100 Years of Yonge Street
Yonge Street has got to be Toronto's most interesting thoroughfare, particularly when one looks back at its history. Not only is it Toronto's longest street -- a fact which everyone seems to know and take some odd pride in -- but it's undeniably also the city's main artery. Over and above its choice as the origin of our subway system, the mere fact that it serves as the dividing line between east and west streets is evidence enough to underscore this point.
Although the downtown portion of it has been sanitized and corporatized over the last couple of decades, even today one can spot glimpses of its former glory as a retail strip. But to do so, it's useful to have a frame of reference. Luckily, Yonge Street has always attracted photographers. And because I'm always fascinated by its changing face when I do historical posts, I've managed to collect quite a few images of its many transformations.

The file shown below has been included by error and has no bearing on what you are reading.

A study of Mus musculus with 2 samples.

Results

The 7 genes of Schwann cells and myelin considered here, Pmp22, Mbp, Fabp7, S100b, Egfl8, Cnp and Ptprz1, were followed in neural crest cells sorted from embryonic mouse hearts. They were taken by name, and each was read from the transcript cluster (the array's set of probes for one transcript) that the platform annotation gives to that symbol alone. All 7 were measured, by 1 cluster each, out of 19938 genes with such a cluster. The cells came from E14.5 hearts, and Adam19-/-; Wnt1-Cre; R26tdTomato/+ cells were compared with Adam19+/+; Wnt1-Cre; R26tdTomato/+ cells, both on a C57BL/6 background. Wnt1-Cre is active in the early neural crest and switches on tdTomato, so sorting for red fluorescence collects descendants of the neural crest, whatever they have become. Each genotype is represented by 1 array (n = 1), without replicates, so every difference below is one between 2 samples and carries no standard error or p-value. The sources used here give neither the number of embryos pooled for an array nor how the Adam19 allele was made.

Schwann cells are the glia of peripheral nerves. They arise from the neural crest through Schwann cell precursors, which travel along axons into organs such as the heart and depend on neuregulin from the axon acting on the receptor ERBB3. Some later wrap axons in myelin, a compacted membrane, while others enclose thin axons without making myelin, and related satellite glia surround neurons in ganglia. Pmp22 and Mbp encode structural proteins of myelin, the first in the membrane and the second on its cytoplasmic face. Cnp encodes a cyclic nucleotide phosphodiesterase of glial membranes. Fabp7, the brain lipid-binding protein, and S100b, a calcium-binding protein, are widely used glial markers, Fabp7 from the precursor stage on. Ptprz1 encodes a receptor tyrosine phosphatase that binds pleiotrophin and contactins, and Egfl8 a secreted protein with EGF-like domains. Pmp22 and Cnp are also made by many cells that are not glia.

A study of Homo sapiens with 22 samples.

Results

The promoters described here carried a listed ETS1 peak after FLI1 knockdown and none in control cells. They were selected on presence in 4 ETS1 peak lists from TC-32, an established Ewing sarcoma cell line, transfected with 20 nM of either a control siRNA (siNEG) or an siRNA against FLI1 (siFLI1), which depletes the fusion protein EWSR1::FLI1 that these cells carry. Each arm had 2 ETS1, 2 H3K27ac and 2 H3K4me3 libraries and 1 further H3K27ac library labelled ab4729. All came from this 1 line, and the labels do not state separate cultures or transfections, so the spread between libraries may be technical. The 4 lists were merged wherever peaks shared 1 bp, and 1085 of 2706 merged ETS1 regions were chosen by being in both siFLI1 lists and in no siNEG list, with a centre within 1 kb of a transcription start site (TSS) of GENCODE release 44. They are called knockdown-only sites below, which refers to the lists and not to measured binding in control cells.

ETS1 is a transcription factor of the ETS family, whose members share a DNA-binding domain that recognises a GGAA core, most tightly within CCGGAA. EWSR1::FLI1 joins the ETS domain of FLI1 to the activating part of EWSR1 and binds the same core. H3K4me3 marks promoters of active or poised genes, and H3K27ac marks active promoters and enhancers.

Here's a look at Yonge Street over the last century (the lead images does duty as the 2000s photo).
North of Dundas
So much more vibrant
Record store days
Looking south from around Gerrard
Near Gould, prior to Sam the Record Man
Looking north from Charles Street
Near York Mills
During the Great Depression
South from Bloor
Looking north from Charles (x2)
Looking north towards Queen
Southwest from the North Toronto CPR Station
Northeast corner at Shuter
Looking north from Temperance
North of Bloor
All images from the Wikimedia Commons and the Toronto Archives, except: lead photo by the author, photo of Yonge and Dundas from the 1990s via Toronto Life, postcards from Chuckman's blog.